The news of today reported by the journalists of tomorrow

The Beacon

The news of today reported by the journalists of tomorrow

The Beacon

Planet Fitness does not deserve the constant hate

Why the gym’s inclusive measures should be applauded

Bodybuilders and self-identified “gym rats” outspokenly ridicule commercial gym chain Planet Fitness, but as someone who has been a member for years, I think this hate is undeserved. There are three main reasons why I think Planet Fitness is better than many make it out to be.



One of the most defining advantages Planet Fitness has over other gyms is its accessibility. At only $10 a month, a membership cost is significantly lower than the average monthly gym fee, which is $58 a month, according to Healthline. This makes physical fitness significantly more accessible to those who may not be able to afford a gym membership otherwise.

Not only is it financially accessible, but locations and hours allow for attainable workouts. With nearly 2,250 locations in the U.S., there is likely a Planet Fitness close by. Black Card members, the premium membership that is still only half of the national average, can access any Planet Fitness across the country.

Additionally, being open 24 hours a day during the week with staff allows me to go when I am available without worry. As a college student, I cannot workout during typical hours of operation, so having access to a gym during the early mornings and late nights allows me to fit fitness into my schedule.


Practical amenities

Perhaps the biggest criticism Planet Fitness receives is that it does not have equipment they may need. It may not have the bells and whistles of other gyms that have state-of-the-art equipment and amenities, but it has everything the average gym-goer needs like cardio machines, smith machines, dumbbells, and other equipment.

Although many disapprove of Planet Fitness having no free weights and few heavy dumbbells, smith machines are available. Most heavy lifts, including squats, deadlifts, bench presses, and even hip thrusts, can be achieved—in arguably a safer manner—on the smith machines.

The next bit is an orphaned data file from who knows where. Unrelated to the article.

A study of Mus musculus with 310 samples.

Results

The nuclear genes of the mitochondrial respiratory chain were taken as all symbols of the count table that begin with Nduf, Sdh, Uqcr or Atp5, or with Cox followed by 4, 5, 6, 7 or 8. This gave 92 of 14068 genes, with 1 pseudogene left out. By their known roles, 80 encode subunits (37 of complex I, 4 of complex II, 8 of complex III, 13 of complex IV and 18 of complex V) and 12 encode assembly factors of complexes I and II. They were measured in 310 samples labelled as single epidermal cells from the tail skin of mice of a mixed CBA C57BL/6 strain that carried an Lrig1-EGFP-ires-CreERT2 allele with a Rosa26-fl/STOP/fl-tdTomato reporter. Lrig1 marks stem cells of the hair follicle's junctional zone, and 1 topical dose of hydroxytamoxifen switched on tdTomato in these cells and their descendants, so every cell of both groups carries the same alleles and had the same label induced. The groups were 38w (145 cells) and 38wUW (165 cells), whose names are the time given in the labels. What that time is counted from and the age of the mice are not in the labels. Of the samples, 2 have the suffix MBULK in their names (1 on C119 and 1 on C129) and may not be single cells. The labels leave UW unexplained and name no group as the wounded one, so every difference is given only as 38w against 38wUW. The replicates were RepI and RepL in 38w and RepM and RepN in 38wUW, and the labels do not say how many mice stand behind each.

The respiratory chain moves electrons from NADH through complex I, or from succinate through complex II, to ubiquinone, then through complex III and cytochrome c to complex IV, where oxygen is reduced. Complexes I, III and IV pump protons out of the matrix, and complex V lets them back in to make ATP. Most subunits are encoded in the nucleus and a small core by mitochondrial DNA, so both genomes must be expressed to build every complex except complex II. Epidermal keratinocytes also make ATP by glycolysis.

Many feel pressured to buy expensive gym memberships with promises of better amenities when the equipment is nearly identical. Although Planet Fitness may not have a pool, track, or intricate modern equipment, it has the services most actually use.

Typically, the average person goes to the gym to lift weights or do cardio exercises. Both are achievable at Planet Fitness for a sixth of the cost of other gyms.


Welcoming environment

Planet Fitness’s motto is that they are a “Judgement Free Zone,” and for the most part, this statement is true. When I am at the gym, I see older people, young people, men, women, bodybuilders and beginners working out within the same facility. There was never a time I felt judged or unwelcome.

A common criticism of Planet Fitness is that it is “anti-bodybuilder” due to their “lunk alarm” that goes off to discourage unwanted behavior, such as slamming weights or grunting loudly. I do not see it as anti-bodybuilder. I see this as a measure against fitness elitism and obnoxious egotists. It is possible to lift heavy without slamming it and damaging the equipment in the process.

In my experience, the “lunk alarm” sounds incredibly infrequently anyway. After going to Planet Fitness a few times each week for two years, I have heard the alarm about two or three times due to excessively dangerous acts.

There is also a great sense of community at Planet Fitness. It just looks different from other gyms. Since people of all walks of life go to Planet Fitness, not everyone is there because they’re competitive athletes. Older people may be there for mobility, parents may be there to increase confidence, and young people may be there to better their mental health.

Regardless of the reason, most are supportive of others and help each other when needed. That is what the fitness community is all about.

About the Contributor
Sydney Allabaugh
Sydney Allabaugh, Opinion Editor
Sydney Allabaugh is the opinion editor of The Beacon. Allabaugh got her start with The Beacon as a contributing writer in the fall of 2021, became the opinion staff writer in the fall of 2022, worked as the assistant opinion editor in the spring of 2023, and was promoted to her current role in the fall of 2023. Allabaugh will be graduating in May of 2025 with a major in Communication Studies with concentrations in Media Production and Strategic Communication, as well as a minor in Women's and Gender Studies. Outside of The Beacon, Allabaugh is the director of Wilkes Now!, Wilkes' student-run television program. She joined Wilkes Now! in the fall of 2021, became a production assistant in the fall of 2022, and began directing in the fall of 2023.  Allabaugh is striving to work in television or public relations in her future.